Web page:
It was almost like a scene straight out of a C.S. Lewis novel. Tables for chess and checkers were made out of ice, as were the etched slabs and pucks used for shuffleboard. Giant blocks served as stools for shivering card players. But unlike the White Witch’s castle in the classic children’s novel, the inhabitants of Frost Fest’s tent couldn’t have been less similar to stone statues.
I arrived on the scene early, seeing as how the Cold Butt Euchre tournament began a mere 30 minutes after the festival opened on a closed-off Washington Square. Immediately I spotted a few people I recognized – as usually happens at these types of events in Lansing – and I took in my surroundings with a glass of Plaid Penguin, specially brewed by Michigan Brewing Company for the event. Rich, sweet, a bit nutty and a lot potent, the specialty ale was just as good as I remembered from last year. With a stage on the west side, a bar lining the south side, merchandise and registration on the north, and the frozen games in the open end on the east, the place was primed for partying.
Half-way through my first game of euchre, I realized the lunacy of sitting on a block of ice in 20-something-degree weather while sipping a cold beer. I solved the situation by switching to the hot hard cider being poured by the awesome volunteers. Though it warmed me up for the second round, my cards went cold (as did my partner’s) and we were booted from the tournament. No defense of the Cold Butt Euchre champions this year.
But no matter.
By this time, the party was in full swing. The tent was packed, the music was flowing and everyone was having a great time. The bar had an outstanding selection of beer, wine and – as mentioned – hot alcoholic beverages. There was even some fine pulled pork to help warm the stomachs of those brave enough to venture out in the cold.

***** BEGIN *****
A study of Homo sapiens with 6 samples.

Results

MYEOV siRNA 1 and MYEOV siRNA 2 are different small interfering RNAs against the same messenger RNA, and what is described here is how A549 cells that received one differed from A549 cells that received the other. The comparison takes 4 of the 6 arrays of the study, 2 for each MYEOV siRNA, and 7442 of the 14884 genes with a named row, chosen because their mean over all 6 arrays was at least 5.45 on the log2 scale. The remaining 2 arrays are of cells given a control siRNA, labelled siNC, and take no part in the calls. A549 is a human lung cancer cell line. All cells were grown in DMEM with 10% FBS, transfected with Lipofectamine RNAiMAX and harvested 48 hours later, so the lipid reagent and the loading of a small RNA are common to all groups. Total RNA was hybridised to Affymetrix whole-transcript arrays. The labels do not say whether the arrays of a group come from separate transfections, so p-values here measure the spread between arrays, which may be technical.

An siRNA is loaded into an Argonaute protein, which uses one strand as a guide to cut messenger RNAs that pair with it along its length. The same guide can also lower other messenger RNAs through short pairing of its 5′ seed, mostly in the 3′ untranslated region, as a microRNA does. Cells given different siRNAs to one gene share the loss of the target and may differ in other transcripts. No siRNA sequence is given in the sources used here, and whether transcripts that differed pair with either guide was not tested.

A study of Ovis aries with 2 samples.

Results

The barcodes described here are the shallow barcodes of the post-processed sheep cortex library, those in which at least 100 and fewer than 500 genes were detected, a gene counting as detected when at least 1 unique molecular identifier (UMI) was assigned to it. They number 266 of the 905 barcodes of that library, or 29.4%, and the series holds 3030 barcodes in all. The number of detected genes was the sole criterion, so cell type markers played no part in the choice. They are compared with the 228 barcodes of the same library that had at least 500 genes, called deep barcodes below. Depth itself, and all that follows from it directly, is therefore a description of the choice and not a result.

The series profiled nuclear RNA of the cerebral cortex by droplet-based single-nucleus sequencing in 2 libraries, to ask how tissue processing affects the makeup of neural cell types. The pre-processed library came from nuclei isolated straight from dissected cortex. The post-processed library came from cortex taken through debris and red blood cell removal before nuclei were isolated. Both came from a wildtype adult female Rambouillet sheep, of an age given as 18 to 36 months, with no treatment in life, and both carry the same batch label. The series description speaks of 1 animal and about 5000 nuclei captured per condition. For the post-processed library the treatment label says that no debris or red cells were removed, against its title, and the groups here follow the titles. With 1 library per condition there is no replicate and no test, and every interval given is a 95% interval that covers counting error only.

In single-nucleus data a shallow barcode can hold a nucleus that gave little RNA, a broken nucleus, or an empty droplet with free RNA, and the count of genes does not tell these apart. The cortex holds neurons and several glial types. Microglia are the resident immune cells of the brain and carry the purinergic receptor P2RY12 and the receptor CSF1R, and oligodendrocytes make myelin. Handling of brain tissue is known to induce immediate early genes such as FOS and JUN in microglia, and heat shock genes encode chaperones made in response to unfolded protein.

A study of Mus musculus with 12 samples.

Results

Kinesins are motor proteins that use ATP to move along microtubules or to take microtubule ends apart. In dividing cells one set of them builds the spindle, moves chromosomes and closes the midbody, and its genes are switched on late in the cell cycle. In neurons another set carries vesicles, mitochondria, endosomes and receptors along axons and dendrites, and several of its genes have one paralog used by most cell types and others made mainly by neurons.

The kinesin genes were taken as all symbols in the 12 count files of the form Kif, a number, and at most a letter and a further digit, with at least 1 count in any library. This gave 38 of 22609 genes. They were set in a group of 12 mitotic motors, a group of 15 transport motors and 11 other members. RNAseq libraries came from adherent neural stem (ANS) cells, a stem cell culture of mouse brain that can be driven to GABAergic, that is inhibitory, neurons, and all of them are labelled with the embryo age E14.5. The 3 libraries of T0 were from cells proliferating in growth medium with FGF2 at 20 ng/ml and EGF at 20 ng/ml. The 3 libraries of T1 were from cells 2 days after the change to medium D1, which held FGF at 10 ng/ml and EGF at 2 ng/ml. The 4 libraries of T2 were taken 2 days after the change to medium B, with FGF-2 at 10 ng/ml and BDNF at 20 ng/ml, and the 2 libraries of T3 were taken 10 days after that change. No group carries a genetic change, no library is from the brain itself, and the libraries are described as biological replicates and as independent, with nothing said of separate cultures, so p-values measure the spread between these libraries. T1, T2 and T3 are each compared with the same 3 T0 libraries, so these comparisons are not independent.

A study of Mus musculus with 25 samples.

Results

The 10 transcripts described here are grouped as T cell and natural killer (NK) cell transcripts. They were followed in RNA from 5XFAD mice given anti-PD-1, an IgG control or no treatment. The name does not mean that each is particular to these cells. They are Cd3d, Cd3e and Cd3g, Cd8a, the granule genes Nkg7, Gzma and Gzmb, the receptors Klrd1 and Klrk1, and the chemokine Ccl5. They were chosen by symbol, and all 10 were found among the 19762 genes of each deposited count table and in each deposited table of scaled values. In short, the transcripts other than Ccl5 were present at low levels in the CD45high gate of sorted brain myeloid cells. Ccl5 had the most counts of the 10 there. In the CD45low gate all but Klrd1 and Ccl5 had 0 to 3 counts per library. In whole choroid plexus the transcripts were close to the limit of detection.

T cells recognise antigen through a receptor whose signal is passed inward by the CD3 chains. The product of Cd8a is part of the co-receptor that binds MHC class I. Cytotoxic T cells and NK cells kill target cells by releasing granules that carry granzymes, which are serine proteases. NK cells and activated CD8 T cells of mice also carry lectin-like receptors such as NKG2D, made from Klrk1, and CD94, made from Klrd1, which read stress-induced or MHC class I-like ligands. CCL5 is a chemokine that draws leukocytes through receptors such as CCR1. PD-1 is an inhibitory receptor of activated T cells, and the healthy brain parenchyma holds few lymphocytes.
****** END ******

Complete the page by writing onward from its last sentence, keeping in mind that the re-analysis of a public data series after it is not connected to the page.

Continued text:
It was such a good time that I heard James Van Der Beek even made an appearance. Oh no, wait. That was just some random girl mistaking me for The Beek.
The event would have been a hit with the games, booze, food and some tunes alone, but it was taken to another level when Company of Thieves took the stage. The quad from Chicago certainly knows how to read a crowd and rock an event. Time flew by as my friends and I – and everyone else I saw for that matter – had an amazing time in the streets of downtown Lansing.
That was perhaps the most amazing part about the event. Despite the frigid temperatures, it looked like every single person in attendance was having the time of their lives. I didn’t see so much as one frown from one unhappy customer nor did I hear a single complaint. I’m sure there were a few – there always are with so much going on – but whatever they were, they were drowned out by the copious amounts of people having a good time.
I suppose it goes to show that summer doesn’t have a monopoly on awesome outdoor events. And that whether you’re in Old Town, REO Town or downtown, Lansing knows how to throw one hell (frozen over) of a party.